The fantastic artist and doodler, Molly Hahn, sent me a picture as a gift. A picture that has not left my pocket since she sent it.
It’s amazing the effect a physical drawing has instead of the onslaught of images we get every day on our computer.
The computer screen is a prison wall separating me from the art.
Molly’s gift was a doodle of a buddha-like child with his hands in the air saying, “STAY CURIOUS.”
Why is this so important that I keep it in my pocket all day long? Why is it a reminder I constantly refer to?
Because KNOWING is the first step in the long road of misery and failure.
Every failure in business starts with the sentence, “I KNOW this will work.”
Every failure in the stock market says, “I KNOW this stock will go up.”
Every failure in science starts, “I KNOW this will cure cancer.”
Many jobs end with, “I thought THIS was the job I would thrive at.”
Every relationship failure comes from, “I KNOW she is the ONE” or “Anyone with me HAS TO DO X, Y, and Z.”
How many people have died of chemotherapy drugs and now reports are coming out saying chemotherapy is over-prescribed and doesn’t help most cancers?
How many people judge others (“fix” their position) and then lose the opportunity to learn from them or make a friend, or fall in love?
How often do we give up when we KNOW rather than staying curious so we can continue to simply do our best.
I don’t know anything about quantum mechanics so I’m not going to claim to be some new age guy who makes nauseating connections between quantum mechanics and God.
But there’s a fundamental belief in quantum mechanics that is related to the “Stay Curious” message: When you observe something, it changes.
If you observe and measure a subatomic particle, the simple act of you observing it, changes the particle.
Before you observe the particle, many possible outcomes still exist. In quantum mechanics, the universe is made up of probabilities rather than fixed objects.
Only observation narrows down the probabilities into something fixed. This has been tested over and over.
In other words, once curiosity changes from “I wonder” to “I know!” then a small piece of the universe changes, becomes more fixed instead of more “What if?”
Until the actual observation, the universe had a tiny bit more probability in it. A tiny bit more mystery and wonder. In some sense, the universe is a tiny bit bigger while curiosity still exists in it.
Is this good or bad? I don’t know.
Every day I wake up and write down ten ideas. I’m a firm believe the only way to have good ideas is to every day exercise the idea muscle.
I usually read a little and then I take out my waiter’s pad and start writing down ideas. Good ideas and bad ideas. Mostly very bad ideas.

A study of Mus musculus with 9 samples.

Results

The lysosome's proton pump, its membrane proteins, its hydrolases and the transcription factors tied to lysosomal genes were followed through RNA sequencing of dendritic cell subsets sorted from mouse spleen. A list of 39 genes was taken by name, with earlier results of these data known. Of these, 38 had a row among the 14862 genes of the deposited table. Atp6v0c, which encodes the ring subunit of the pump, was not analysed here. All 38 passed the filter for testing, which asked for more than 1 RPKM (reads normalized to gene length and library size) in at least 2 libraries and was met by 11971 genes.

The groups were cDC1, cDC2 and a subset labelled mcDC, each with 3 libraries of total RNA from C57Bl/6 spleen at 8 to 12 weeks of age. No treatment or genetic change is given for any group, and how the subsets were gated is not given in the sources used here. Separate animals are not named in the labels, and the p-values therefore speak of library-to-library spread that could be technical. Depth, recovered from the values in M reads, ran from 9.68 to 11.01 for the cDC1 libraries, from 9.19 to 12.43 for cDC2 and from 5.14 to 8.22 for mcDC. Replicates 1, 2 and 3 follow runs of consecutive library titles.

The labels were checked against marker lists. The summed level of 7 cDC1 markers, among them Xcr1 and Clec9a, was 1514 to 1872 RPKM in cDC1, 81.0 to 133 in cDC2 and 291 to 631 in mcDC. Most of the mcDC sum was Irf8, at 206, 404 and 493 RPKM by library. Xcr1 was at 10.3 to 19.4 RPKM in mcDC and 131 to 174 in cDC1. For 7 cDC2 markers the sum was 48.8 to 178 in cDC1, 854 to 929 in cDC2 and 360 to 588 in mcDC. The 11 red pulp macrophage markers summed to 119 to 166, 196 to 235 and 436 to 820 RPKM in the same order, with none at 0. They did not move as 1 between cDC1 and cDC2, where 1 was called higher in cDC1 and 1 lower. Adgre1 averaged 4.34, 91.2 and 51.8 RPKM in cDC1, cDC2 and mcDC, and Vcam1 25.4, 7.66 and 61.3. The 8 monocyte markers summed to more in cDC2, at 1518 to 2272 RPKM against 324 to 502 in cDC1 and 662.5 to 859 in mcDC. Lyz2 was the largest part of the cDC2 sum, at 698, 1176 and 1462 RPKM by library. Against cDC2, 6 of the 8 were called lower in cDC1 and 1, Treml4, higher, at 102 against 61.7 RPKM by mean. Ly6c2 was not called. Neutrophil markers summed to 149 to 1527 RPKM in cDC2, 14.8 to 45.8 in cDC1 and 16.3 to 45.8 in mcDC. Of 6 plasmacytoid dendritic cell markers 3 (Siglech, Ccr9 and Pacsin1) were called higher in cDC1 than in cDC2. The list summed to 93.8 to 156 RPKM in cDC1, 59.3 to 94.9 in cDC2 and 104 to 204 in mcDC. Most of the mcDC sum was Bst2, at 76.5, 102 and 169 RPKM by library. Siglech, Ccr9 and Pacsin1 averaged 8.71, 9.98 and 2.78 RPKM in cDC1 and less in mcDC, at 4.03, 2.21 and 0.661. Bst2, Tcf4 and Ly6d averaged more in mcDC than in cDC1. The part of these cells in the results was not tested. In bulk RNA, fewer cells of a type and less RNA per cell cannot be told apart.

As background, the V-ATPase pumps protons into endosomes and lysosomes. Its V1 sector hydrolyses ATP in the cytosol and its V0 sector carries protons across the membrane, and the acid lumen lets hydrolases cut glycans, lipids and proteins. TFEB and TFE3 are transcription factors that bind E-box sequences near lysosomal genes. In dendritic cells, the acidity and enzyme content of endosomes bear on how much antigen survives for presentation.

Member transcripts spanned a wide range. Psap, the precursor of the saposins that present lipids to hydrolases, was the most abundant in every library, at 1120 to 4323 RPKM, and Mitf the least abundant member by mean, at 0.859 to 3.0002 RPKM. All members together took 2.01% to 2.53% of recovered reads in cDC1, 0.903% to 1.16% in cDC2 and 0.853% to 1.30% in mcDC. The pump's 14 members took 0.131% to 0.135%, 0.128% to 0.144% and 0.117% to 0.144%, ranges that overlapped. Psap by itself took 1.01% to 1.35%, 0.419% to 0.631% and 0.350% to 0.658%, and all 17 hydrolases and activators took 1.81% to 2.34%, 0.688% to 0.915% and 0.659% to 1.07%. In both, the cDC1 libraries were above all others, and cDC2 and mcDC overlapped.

My ideas don’t start off with “I Know”. They always start off with “What if?”
“What if the pee in my toilet can be analyzed every day and tell me if I have any diseases or not?”
“What if I pay my daughter $300 to write a piece of fan fiction that we can then upload to Kindle Worlds on Amazon?”
“What if I switch careers completely? What would I do next?”
And so on.
Steve Jobs didn’t say, “I’m going to make another computer.” He said, “What if I made a cheap computer that took some ideas from Xerox and had multiple windows on the screen instead of just one window?”
Larry Page didn’t say, “I’m going to make another search engine.” He said, “What if I made a search engine that ranked pages by looking at all the high-ranking pages that refer back to a page as opposed to just counting word appearances?”
Neil Gaiman didn’t create yet another superhero comic. He asked, “What if Dream was a real person, who ruled over all the dreams we have?” and then made the bestselling Sandman comic.
“But,” the smart person might say, “if I’m ALWAYS curious I will get nothing done. If I keep saying ‘what if I eat bacon as opposed to pancakes?’ I’ll never actually eat breakfast!”
I don’t know the answer to that. Maybe you don’t need to eat such a big breakfast. Maybe you can have a fruit? Maybe you can take an early morning walk. Or maybe you can outsource the decision: go on twitter and say “Bacon” or “pancakes” and see how people respond.
Or maybe…you can just eat Bacon. Who cares? Eat your breakfast and then be curious about the next thing. There’s no rules to this!
I was talking to Dan Harris the other day, author of “10% Happier” and anchor at ABC’s show “Nightline”. He said his father used to tell him, “The price of security is insecurity”.
What an insightful line!
When you have something you think is yours, you actually have two things: the object that is yours, and now the fear or insecurity that it will some day no longer be yours.
This is true for relationships. This is true for jobs and money. It’s true for art. It’s true for my happiness. It’s true for the love I have for others (if I try to judge them too quickly, then I am more likely to be disappointed).
This is true for opinions we hold close and cherish. The opinions we use to define the universe and the life around us.
For me, it’s important to know some things: that tomorrow I will wake up on a bed and not in the middle of the gutter with a heroin needle sticking out of my shoulder (although I’m open to the possibility).
But I want the universe as much as possible to be a giant mystery. I love to be a little kid and explore. I love to find secrets and magic and coincidences and surprises.
When we were kids we didn’t know the labels for everything so we allowed more coincidences and secrets in our lives. My theory is: the more coincidences, the more curiosity, the more wonder…the more we remain kids and the less we age. What if?
How many times today can you say, “What if?”
As much as possible, I practice the simple phrase Molly drew for me and I try to live my life by it. Things are more fun as a result.